Catherine of Aragon in Her Youth Social Studies World History Medieval Times Law and Politics Biographies

When Michael Sittow (circa 1469-1525) created his painting of "Mary Magdalene," a woman whose story appears in the Bible, historians believe he used the youthful Catherine of Aragon as his model.

The oil-on-panel is from the late-15th or early-16th century, when Catalina of Aragon—as she was originally known—was in her late teens or early twenties.

Who was Catherine of Aragon?

Born in December of 1485—the same year Thomas Cromwell (her future nemesis) came into the world—the young princess was born in Madrid. Her parents were King Ferdinand and Queen Isabella (whose match, as a married couple, had united Spain).

When she was only three years old, Catalina became engaged to Arthur, Britain’s Prince of Wales (son of King Henry VII and Elizabeth of York). Arthur was a year younger than Catalina.

The Princess had an excellent education. Her tutor was Alessandro Geraldini, a clerk in Holy Orders, and he taught the young girl about religion and the classics. Schooled in the Catholic faith, Catherine of Aragon remained a devout Catholic throughout her life.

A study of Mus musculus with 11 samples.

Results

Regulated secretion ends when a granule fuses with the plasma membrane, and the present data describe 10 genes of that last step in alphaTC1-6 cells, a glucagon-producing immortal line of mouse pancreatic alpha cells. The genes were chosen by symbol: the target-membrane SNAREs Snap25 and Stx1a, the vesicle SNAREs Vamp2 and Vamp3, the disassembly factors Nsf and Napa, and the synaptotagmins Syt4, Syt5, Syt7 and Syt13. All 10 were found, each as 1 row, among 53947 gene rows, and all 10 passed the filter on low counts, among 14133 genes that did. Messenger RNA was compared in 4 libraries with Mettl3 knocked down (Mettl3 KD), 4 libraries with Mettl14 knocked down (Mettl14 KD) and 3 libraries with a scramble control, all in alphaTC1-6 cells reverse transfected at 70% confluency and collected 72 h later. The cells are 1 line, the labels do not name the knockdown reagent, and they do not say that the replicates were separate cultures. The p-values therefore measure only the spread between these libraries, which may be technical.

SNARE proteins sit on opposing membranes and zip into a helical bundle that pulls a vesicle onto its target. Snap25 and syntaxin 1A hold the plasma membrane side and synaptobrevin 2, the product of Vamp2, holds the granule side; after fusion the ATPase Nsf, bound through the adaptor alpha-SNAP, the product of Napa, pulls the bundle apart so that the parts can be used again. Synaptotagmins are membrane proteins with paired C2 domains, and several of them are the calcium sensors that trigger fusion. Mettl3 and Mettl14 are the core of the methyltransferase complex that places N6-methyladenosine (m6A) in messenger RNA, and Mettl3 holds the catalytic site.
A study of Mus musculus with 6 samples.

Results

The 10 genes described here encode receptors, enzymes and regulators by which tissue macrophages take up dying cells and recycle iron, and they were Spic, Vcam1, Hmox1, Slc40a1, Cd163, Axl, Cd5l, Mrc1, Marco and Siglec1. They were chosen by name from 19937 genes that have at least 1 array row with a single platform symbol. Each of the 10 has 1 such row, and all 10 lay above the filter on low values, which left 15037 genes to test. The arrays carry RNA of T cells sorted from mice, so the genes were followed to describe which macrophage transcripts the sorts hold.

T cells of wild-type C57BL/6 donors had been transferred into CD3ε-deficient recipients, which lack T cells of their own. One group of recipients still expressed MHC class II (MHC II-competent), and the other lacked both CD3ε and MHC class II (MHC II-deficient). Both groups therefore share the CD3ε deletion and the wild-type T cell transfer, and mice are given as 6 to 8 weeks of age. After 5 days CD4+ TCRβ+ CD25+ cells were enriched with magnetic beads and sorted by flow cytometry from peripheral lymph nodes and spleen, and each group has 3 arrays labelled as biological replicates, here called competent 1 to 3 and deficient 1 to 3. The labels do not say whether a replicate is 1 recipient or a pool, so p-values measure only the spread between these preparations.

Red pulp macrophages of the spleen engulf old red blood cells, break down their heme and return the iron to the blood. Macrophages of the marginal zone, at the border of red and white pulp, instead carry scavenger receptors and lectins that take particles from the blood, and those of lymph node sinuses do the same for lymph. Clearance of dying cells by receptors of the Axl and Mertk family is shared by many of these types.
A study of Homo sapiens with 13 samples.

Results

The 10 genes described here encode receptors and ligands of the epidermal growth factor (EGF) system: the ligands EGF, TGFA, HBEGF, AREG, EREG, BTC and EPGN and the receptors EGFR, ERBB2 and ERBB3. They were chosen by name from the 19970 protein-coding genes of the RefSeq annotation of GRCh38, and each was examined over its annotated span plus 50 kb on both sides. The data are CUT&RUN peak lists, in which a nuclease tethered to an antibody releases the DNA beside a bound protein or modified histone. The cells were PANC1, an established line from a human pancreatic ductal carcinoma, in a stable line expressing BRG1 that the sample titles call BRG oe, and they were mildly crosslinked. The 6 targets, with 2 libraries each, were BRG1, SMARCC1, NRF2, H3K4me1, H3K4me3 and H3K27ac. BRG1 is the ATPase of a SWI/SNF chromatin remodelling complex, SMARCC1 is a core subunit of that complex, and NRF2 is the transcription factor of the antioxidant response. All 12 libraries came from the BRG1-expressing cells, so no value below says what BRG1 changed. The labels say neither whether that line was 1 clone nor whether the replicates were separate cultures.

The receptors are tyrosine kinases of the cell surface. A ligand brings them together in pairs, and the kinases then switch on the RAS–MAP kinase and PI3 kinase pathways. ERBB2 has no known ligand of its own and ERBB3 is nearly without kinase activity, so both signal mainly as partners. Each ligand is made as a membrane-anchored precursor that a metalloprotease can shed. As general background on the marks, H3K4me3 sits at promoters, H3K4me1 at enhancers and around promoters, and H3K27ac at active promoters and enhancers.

When she was 16 years old, Catherine left her family and traveled by sea to England. She endured an extremely difficult three-month voyage. At this point in her life, she had not-yet met her future husband.

In fact, following the royal customs of the time, neither Arthur nor Catherine (who wore a veil during the marriage ceremony) physically laid eyes on each other until after they spoke their marriage vows in 1501.

After their wedding, the future king and his future queen moved to Ludlow Castle, near the Welsh border. It was there that Arthur died, about six months later.


Original Release: Apr 07, 2015

Updated Last Revision: Jun 02, 2016


Media Credits

The painting, described above, is currently owned by the Detroit Institute of Arts. It is online via Wikimedia Commons.